Gov. Scott Walker has proposed holding transportation funding steady in this coming two-year budget and, at the same time, his budget green-lights some new major road projects.
Walker's proposal calls for not adding any positions in the department, getting rid of some long-vacant positions and shifting some state sales tax money to the transportation fund to fund some major transportation projects. Those projects include the Milwaukee zoo interchange and an expansion of the interstate between Beloit and Madison.
When asked whether the state would consider forgoing some projects in the interests of being more cost-effective, Gottlieb said that's not an option.
"I think we can create a resource plan that will allow us to deliver the program. The highway program that has been put together is an important part of the governor's plan to grow the economy and create 250,000 jobs in Wisconsin. It's not an option for us just to say, 'Well, we can't meet our obligations. We can't preserve and maintain the state's infrastructure,'" Gottlieb said.
Lawmakers will consider the transportation budget this week, in light of the numbers WISC-TV showed them.
"In general, I never want to waste taxpayer dollars. So if it's less expensive and we can get the exact same job done using a person who is a state employee versus someone who is an outside contract, I think we should do that," said Rep. Robin Vos, R-Burlington, co-chair of the Legislature's Joint Finance Committee.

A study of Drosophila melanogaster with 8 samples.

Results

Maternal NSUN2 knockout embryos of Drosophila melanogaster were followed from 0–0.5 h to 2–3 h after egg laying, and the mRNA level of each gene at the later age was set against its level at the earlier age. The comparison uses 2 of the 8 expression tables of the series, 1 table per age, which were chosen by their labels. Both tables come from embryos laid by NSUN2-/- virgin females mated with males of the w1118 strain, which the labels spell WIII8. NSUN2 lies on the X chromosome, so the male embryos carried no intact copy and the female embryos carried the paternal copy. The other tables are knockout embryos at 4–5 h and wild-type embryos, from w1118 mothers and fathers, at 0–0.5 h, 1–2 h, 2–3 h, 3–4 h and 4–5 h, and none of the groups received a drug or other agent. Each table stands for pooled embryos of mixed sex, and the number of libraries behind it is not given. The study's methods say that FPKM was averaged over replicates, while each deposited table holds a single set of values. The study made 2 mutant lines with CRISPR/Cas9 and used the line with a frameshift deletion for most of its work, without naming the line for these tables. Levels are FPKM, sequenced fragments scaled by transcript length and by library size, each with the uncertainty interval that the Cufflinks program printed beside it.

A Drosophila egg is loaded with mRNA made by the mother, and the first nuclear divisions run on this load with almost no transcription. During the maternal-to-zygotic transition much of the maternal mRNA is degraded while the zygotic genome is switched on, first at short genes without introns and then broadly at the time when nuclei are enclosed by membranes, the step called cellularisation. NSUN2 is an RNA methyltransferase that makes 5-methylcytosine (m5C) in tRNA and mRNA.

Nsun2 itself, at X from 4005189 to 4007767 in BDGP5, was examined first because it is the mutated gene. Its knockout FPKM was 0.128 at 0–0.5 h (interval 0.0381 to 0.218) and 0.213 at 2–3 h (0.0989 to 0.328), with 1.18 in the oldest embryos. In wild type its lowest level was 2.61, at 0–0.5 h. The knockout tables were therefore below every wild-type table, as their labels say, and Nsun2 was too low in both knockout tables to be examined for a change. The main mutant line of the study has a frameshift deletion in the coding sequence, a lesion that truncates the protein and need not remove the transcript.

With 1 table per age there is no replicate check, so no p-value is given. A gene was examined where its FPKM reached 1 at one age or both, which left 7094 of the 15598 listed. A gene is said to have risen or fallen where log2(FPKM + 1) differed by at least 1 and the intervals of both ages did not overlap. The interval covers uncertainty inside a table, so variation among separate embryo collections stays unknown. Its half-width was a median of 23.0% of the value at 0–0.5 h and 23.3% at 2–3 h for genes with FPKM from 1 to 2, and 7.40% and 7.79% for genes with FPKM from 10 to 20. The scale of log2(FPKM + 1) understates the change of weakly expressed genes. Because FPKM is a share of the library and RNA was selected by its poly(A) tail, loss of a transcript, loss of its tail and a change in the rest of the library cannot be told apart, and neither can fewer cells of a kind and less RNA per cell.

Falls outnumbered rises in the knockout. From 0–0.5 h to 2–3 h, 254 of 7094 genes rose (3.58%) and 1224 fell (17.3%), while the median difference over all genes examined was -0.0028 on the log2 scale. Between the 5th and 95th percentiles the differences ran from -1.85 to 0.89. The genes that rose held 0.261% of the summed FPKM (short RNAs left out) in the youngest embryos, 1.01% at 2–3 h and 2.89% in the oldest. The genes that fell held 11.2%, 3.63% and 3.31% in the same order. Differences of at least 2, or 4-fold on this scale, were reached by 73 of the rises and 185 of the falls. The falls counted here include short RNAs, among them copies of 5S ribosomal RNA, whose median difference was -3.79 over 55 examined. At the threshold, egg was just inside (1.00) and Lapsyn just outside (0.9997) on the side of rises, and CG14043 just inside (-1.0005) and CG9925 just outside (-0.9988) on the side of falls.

"Certainly if we can put more resources into having state workers do this job for less and do it better, than we have an absolute responsibility to move in that direction," said Rep. Tamara Grigsby, D-Milwaukee.
An audit done by the state in 2009 showed that at one point consultants were doing 70 percent of state projects, sparking concern from lawmakers at that time but no action.
But it remains to be seen if there will be any changes this week in the state budget addressing the issue.
"Nobody has brought an idea to me that has an easy answer that we can include inside the budget, but I am very open if people do have those ideas," Vos said.
The State Engineering Association said it told the Governor's Commission on Waste, Fraud and Abuse about the issue.
"If it keeps showing that the private sector costs more, then do something about it," Klipstein said.
A spokesman for the governor confirmed that consulting costs are being discussed. The Commission on Waste, Fraud and Abuse has a preliminary report due on July 1.